When Justice Amy Coney Barrett took the bench in October 2020, she solidified a 6-to-3 conservative majority on the Supreme Court. But her confirmation also brought to the forefront divisions within the conservative legal movement that have existed for decades.

In this course, students will explore the arguments and disagreements among conservatives and libertarians over how to best understand the Constitution generally and the judicial power specifically. Fellows will consider debates over originalism, natural law, traditionalism, and judicial restraint, and explore how those debates influence jurisprudence on some of the most contentious issues in American politics, from religious liberty to abortion, gun rights, and executive power.

Image Credit: Trump White House Archives | The Supreme Court as Composed October 27, 2020, Fred Schilling, Collection of the Supreme Court of the United States

Adam J. White interviews Hon. Don Willett

Faculty

Adam J. White

Adam J. White is a Resident Scholar at the American Enterprise Institute, and an Assistant Professor at George Mason University’s Antonin Scalia Law School, where he also directs the Gray Center for the Study of the Administrative State at George Mason University’s Antonin Scalia Law School.

Preview the Syllabus by Week/Session

Readings:

 

Discussion Questions:

  1. What were conservatives’ main lines of criticism against the Warren Court and “living constitutionalism”? What was the conservative alternative?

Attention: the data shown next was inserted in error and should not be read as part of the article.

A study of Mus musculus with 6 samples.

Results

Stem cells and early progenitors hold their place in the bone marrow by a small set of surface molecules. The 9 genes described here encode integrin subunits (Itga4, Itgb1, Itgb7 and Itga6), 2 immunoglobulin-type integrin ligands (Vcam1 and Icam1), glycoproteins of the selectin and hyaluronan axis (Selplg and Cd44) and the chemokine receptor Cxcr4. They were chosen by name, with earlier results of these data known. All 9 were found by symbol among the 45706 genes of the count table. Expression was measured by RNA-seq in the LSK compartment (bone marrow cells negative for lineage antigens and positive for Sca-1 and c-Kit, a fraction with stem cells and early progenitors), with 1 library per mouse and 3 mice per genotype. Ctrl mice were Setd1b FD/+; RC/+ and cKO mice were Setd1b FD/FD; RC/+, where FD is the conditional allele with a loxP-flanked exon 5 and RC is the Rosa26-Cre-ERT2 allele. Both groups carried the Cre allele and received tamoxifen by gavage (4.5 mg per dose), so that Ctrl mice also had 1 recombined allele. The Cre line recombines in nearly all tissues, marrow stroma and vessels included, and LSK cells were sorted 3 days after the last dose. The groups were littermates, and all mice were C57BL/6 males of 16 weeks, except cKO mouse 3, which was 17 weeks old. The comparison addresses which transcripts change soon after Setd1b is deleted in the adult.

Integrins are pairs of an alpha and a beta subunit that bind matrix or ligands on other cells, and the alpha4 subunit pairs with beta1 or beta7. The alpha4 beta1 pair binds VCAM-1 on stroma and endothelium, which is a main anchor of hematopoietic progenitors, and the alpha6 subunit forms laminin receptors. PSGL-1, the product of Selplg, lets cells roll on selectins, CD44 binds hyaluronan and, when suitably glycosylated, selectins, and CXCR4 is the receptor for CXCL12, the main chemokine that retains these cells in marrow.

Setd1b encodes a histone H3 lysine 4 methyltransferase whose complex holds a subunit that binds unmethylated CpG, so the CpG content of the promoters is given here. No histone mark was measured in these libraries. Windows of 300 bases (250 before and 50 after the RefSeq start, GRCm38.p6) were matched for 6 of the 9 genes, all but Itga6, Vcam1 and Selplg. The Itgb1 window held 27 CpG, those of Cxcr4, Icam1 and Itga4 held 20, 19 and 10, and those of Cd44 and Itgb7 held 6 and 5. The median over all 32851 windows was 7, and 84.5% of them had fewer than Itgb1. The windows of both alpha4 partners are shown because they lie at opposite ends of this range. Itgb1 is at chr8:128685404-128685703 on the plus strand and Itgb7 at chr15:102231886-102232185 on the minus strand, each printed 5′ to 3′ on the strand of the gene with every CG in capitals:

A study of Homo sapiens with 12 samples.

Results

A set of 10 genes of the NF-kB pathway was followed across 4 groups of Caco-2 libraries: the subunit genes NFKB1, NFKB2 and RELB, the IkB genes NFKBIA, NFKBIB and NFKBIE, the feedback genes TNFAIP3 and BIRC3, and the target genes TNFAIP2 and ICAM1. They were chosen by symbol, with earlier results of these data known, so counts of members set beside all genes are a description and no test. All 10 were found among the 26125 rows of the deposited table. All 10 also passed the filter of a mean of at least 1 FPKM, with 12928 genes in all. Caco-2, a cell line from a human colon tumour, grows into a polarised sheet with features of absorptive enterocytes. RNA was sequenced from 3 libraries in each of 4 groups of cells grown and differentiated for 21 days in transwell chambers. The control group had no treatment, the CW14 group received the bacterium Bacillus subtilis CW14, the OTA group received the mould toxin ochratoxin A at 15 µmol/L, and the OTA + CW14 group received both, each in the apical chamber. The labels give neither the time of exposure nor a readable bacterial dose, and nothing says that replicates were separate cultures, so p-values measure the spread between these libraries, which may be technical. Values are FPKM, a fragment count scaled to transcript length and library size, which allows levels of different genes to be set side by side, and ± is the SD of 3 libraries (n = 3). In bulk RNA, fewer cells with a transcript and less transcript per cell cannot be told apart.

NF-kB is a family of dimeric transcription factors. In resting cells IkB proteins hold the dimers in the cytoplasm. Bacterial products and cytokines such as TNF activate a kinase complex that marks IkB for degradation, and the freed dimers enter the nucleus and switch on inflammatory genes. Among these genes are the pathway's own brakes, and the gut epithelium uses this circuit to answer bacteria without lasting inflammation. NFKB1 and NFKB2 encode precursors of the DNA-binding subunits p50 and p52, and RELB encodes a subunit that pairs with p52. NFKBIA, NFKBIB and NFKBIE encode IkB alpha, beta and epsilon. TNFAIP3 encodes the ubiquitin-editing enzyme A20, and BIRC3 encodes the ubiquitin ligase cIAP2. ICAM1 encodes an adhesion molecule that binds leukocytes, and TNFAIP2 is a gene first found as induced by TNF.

2. What is judicial restraint? In deciding cases and controversies, how should judges go about exercising “merely judgment?” Is judicial restraint an answer to this problem?
  3. In a constitutional government based on popular sovereignty, how much power should we commit to the countermajoritarian body of judges and lawyers?

Readings: 

 

Discussion Questions: 

  1. What is originalism, and why does Scalia call originalism “the lesser evil”?  
  2. Can the Constitution’s “objective” meaning be ascertained and applied by impartial judges? What should judges do when that meaning is not readily apparent—and, more important, how can they know when they’ve arrived upon such an ambiguous case?  
  3. Is Wilkinson correct in arguing that originalism lacks judicial restraint?  
  4. In Bostock, how did conservative, originalist justices land on opposite ends of the case?  

Readings:

 

Discussion Questions:

  1. What is “judicial engagement?” How is it different from judicial restraint or judicial activism?
  2. Should judges read the Constitution in light of natural rights theory or the natural law principles of the Declaration of Independence? Does such an approach constrain or empower judges?
  3. How should conservative jurists balance their devotion to a law’s original public meaning with other conservative principles in judicial decision-making (e.g., precedent, federalism, popular rule, etc.)?
  4. What was Scalia’s reason for caution against judicial recognition of economic rights? And what was Epstein’s rejoinder?

Readings:

 

Discussion Questions:

  1. In Pierce v. Society of Sisters, what was the constitutional source of the parents’ right?
  2. What is common-good constitutionalism? Is it properly constitutionalism? How does a judge determine a “common-good principle”?
  3. Is Vermeule correct that originalism is no longer useful for conservatives?
  4. What is the relationship between common-good constitutionalism and originalism?

Readings: 

 

Discussion Questions: 

  1. What is conventionalism? Why should conservatives prefer conventionalism, according to Merrill? 
  2. How strongly bound should judges be to the doctrine of stare decisis? 
  3. How much deference should judges give to states and local communities? To practical experience and tradition? 
  4. To what extent does the legitimacy of a democratic government rest on the consent of the people, and to what extent does it rest on the correctness of its principles?  
  5. What would Hamilton’s version of judicial review look like in practice?